SWISCO - The Replacement Hardware Authority

Sealing replacement weather stripping

A home owner from Katy, Texas says:
My problem is that the weather stripping in the door now isn't "thick" enough to seal between the door and the frame. The weather stripping pictured appears that it should work but it just doesn't compress enough to make a seal. It measures about half an inch from the base to the top when it's not compressed at all and the gap between my door and the frame is about 9/16 of an inch. That's thicker than I like but I'm hoping that it can be sealed with something from you folks so I don't have to have the door re-hung.

At this point I don't care in the least about the cost, I just want the door sealed up tight.

THANKS,

Tom
User submitted a photo of weather stripping.
Thanks for posting! I actually had this same problem on my own house. You may want to consider using our 58-169 Compression Foam Seal with a Nail Flange and use small nails to install it at the desired height. Do you think this solution would work for you?
A home owner from Katy, Texas says:
Thanks, Dave.

I can't visualize how it would work. It appears to have almost identical specs to the non-nailing type. I was hoping that there might be a bubble seal that would be round enough to work, or something else that would use the existing mounting slot.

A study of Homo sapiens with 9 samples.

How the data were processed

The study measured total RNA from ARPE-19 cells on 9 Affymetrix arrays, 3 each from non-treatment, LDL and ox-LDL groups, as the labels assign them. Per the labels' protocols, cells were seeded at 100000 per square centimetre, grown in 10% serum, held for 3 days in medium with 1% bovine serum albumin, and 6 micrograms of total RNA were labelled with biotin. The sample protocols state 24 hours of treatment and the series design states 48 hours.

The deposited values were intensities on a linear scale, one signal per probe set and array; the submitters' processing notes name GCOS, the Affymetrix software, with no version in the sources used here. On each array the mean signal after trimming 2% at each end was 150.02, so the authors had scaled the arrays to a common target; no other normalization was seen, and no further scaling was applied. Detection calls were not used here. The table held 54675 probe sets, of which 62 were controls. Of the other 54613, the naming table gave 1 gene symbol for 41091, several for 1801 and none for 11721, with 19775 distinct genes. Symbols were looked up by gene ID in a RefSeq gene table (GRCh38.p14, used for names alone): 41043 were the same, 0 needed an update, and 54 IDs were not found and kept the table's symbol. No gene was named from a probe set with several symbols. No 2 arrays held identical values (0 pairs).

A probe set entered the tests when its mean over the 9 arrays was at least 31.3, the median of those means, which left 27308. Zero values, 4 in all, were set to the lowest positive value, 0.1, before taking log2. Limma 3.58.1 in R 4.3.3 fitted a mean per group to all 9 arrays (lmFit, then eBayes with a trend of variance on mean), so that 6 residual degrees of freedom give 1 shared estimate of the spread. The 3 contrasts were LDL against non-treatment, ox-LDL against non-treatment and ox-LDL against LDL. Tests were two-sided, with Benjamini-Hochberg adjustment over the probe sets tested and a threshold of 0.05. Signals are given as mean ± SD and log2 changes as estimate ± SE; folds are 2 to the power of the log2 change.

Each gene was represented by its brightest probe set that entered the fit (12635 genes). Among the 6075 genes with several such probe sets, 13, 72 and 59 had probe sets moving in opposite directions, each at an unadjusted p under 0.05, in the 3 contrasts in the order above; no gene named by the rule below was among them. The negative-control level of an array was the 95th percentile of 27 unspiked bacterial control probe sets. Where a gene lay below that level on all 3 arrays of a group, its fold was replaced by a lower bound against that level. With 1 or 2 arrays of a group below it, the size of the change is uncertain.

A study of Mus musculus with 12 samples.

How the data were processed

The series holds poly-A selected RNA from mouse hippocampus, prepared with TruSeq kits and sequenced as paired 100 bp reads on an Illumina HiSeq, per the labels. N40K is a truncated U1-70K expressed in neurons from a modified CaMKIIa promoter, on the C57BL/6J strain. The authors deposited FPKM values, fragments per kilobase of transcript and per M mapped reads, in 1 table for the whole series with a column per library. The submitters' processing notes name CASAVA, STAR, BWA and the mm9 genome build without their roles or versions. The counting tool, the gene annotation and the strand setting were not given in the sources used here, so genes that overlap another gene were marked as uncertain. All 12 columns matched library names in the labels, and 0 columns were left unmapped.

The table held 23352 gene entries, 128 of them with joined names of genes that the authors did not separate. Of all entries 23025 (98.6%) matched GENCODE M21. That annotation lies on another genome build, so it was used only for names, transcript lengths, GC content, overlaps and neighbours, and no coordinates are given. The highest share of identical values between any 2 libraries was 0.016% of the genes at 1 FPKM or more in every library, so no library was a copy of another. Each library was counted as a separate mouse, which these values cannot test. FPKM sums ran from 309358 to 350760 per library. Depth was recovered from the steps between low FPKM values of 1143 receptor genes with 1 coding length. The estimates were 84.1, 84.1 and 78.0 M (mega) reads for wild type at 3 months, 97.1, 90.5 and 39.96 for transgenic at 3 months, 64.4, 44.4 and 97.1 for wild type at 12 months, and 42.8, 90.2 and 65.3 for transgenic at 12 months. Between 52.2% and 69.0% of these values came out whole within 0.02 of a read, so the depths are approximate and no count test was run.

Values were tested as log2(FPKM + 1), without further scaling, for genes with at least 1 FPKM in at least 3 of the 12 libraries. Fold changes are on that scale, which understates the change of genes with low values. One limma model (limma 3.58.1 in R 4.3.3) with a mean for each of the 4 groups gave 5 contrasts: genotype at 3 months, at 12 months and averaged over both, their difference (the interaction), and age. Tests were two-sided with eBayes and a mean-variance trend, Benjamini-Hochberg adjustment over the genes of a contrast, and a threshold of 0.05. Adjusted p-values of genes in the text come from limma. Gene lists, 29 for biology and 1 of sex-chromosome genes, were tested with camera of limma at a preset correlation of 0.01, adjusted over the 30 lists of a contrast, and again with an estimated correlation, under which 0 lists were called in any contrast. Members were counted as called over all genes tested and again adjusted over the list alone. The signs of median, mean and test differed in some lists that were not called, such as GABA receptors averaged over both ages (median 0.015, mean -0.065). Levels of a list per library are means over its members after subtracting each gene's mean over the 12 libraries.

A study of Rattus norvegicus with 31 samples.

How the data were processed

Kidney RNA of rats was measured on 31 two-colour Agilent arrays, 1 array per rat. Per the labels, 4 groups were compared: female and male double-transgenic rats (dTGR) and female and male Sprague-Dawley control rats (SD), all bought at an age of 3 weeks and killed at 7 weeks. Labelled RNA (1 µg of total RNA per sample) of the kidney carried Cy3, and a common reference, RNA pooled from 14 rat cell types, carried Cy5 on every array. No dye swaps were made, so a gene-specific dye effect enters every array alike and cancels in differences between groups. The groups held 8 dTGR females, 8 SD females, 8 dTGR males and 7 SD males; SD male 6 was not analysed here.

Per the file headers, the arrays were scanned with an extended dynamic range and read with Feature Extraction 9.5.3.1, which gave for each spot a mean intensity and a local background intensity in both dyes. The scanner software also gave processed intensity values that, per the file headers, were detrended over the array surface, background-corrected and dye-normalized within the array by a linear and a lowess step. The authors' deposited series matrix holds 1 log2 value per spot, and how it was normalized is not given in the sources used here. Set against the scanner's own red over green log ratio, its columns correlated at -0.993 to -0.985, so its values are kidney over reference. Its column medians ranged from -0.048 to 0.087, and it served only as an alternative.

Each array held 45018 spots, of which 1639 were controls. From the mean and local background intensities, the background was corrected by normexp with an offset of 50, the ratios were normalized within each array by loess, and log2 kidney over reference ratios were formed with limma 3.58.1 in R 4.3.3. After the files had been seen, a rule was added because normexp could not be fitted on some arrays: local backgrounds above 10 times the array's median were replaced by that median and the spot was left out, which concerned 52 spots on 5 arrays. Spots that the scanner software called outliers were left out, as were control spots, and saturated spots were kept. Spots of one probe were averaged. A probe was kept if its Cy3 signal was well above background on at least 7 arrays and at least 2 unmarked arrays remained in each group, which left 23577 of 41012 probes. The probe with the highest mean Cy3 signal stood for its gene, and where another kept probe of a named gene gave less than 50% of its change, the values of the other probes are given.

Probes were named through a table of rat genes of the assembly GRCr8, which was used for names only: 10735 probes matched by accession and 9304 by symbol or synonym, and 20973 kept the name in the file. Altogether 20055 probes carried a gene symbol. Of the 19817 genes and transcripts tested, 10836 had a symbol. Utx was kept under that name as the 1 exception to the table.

Tom
What makes the 58-169 better suited to your application in this case is because you can nail it into the door slot at any point along the flange. This enables you to adjust it up and down before you nail it in so that you can cover that extra distance in height, rather than having it stuck at the same height like your existing weatherstrip.
A home owner from Katy, Texas says:
Thanks, Dave!!! I think I'm probably the densest person you've ever had on the boards. I just can't visualize how that product works. Does the nailing flange point towards the inside or outside of the house? The way I see it in my minds eye doesn't have the weatherstrip being squeezed between the door and the frame.

I'm really sorry I'm not getting this!! The only weatherstripping I've been familiar with is sticky back foam and that was 40 years ago. Until now I didn't even know that there was a slot for the weatherstripping to slip into.

Tom
I'll tell you exactly what I did. First, what you need to do is cut to size your lengths; namely, cutting the top pieces where they meet on a 45 degree angle so that they meet at the corners. Place the sponge part where the door will hit, making sure you get good contact with the door to block out the air and light. Install maybe just a few nails on the ends, then close the door and check to see if any light is showing. Adjust the weather stripping if you still see light. I hope this helps.